Leveraging Pervasive Games for Tourism: An Augmented Reality Perspective

Leveraging Pervasive Games for Tourism: An Augmented Reality Perspective

Rui Nóbrega (FEUP/INESC TEC, Porto, Portugal), João Jacob (FEUP, Porto, Portugal), António Coelho (FEUP/INESC TEC, Porto, Portugal), João Ribeiro (FEUP, Porto, Portugal), Jessika Weber (NHTV, University of Applied Sciences, Breda, Netherlands) and Soraia Ferreira (FEUP, Porto, Portugal)
DOI: 10.4018/IJCICG.2018010101

The demand for the fast creation of such games is increasing, with a large demand for changing new content to be delivered at a high pace. This requires new approaches for multimedia content creation beyond traditional field research. This includes using geo-location utilities and frameworks (Jacob & Coelho, 2011; Matyas et al., 2008) to gather points of interest (POI) or mining social networks (Papadopoulos, Kompatsiaris, Vakali, & Spyridonos, 2011) in order to get collaborative feedback from other tourists or visitors.

The use of mobile applications for mobile devices is rapidly growing and has become apparent for the world’s largest industry – travel and tourism. With more than $6 trillion direct and indirect economic impact of the industry, tourism has a huge market to facilitate innovation. Tourists use mobile devices before (Gretzel, Fesenmaier, Lee, & Tussyadiah, 2011), during and after their holidays to retrieve geographic information (Tussyadiah & Zach, 2012), to mediate tourist sites (Kennedy-Eden & Gretzel, 2012) or to share experiences in social networks. Falling roaming charges will facilitate further increasing usage of these applications abroad. The nature of tourism is to create extraordinary experiences (Pine & Gilmore, 1999), thus there is a constant search for innovative tools and new technologies to enhance the tourist experience.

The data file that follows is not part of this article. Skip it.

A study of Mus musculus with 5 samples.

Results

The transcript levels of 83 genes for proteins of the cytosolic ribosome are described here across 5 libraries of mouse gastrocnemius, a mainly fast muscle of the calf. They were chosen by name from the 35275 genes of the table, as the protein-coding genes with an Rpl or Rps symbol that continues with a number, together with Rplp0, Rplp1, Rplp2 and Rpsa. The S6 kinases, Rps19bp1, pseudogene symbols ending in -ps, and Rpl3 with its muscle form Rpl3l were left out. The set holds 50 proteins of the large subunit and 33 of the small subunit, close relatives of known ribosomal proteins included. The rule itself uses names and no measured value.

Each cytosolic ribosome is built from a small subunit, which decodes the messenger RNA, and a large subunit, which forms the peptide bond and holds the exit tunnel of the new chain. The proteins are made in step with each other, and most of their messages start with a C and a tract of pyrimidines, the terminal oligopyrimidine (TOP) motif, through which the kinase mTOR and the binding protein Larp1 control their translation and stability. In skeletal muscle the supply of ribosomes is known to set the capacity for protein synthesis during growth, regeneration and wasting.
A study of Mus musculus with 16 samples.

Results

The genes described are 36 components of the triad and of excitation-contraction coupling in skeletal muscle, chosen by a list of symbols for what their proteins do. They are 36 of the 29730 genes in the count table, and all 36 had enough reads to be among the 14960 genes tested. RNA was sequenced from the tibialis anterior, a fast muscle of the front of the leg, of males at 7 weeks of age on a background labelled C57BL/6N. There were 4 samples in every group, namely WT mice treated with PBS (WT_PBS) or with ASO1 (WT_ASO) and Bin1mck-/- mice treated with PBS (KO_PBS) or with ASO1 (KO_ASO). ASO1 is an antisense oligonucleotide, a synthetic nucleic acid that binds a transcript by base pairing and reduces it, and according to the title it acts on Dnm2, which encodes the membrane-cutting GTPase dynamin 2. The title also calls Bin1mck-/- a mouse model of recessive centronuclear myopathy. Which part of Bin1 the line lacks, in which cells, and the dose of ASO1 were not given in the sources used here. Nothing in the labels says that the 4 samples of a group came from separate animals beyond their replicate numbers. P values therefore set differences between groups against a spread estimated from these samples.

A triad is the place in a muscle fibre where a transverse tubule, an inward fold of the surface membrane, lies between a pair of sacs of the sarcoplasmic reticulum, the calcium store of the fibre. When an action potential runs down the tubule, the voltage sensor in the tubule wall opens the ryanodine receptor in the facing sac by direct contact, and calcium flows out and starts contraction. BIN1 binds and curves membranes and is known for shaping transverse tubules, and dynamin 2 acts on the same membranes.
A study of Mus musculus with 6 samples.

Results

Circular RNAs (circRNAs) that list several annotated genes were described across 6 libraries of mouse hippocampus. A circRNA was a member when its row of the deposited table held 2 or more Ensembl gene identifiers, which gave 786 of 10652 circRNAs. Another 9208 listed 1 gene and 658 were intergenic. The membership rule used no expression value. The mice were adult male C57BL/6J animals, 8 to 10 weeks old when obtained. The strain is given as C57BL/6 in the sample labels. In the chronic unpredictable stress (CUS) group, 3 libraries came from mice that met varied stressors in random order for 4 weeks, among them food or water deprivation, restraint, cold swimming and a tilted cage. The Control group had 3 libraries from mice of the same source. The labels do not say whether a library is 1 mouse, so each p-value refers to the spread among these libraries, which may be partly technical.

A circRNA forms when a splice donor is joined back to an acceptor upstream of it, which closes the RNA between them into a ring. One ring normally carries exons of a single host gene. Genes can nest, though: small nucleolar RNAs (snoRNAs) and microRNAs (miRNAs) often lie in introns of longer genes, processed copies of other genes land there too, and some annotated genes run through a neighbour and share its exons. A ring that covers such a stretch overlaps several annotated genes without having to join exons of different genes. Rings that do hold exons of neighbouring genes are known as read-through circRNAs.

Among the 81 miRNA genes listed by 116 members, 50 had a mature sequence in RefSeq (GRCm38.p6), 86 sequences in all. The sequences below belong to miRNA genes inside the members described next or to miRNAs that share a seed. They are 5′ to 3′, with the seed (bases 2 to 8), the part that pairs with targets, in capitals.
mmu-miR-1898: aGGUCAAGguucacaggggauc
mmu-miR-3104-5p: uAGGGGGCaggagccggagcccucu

Smartphones, with the latest GPS-technology and built-in camera, enable players to use the real world as the playground and take gameplay outside into the real world. While the quantity and quality of mobile devices are increasing, mobile gaming attracts a wide range of user groups playing in different contexts (Carrigy, Naliuka, Paterson, & Haahr, 2010).

Recent advancements provide more people than ever access to hardware and new mobile game experiences (Wetzel, Blum, Broll, & Oppermann, 2011).

Mobile gaming is lately evolving in travel and tourism opening new forms of creating enhanced experiences for tourists. Location-based (Jacob & Coelho, 2011; Weber & Dickinson, 2018), Augmented Reality (AR) (R Nóbrega, Cabral, Jacucci, & Coelho, 2015), Pervasive or Serious Games (Marsh, 2011) open the possibility to create deep, personalized and interactive experiences tourists are striving for by actively engaging the tourist with places and people throughout gameplay. This creates a deeper understanding and distinct experiences for the tourist with his immediate environment applying playful and gameful concepts.

To gain an understanding of tourists’ requirements for such games, the following research question was taken into consideration: how to tell a story in the city with a multimedia system, making the user discover important locations in the city, understand its history and provide an autonomous and, at the same time, social interaction to create engaging tourist experiences.

An important requirement is to create a fast prototype using a multidisciplinary team in a short amount of time following an iterative design process.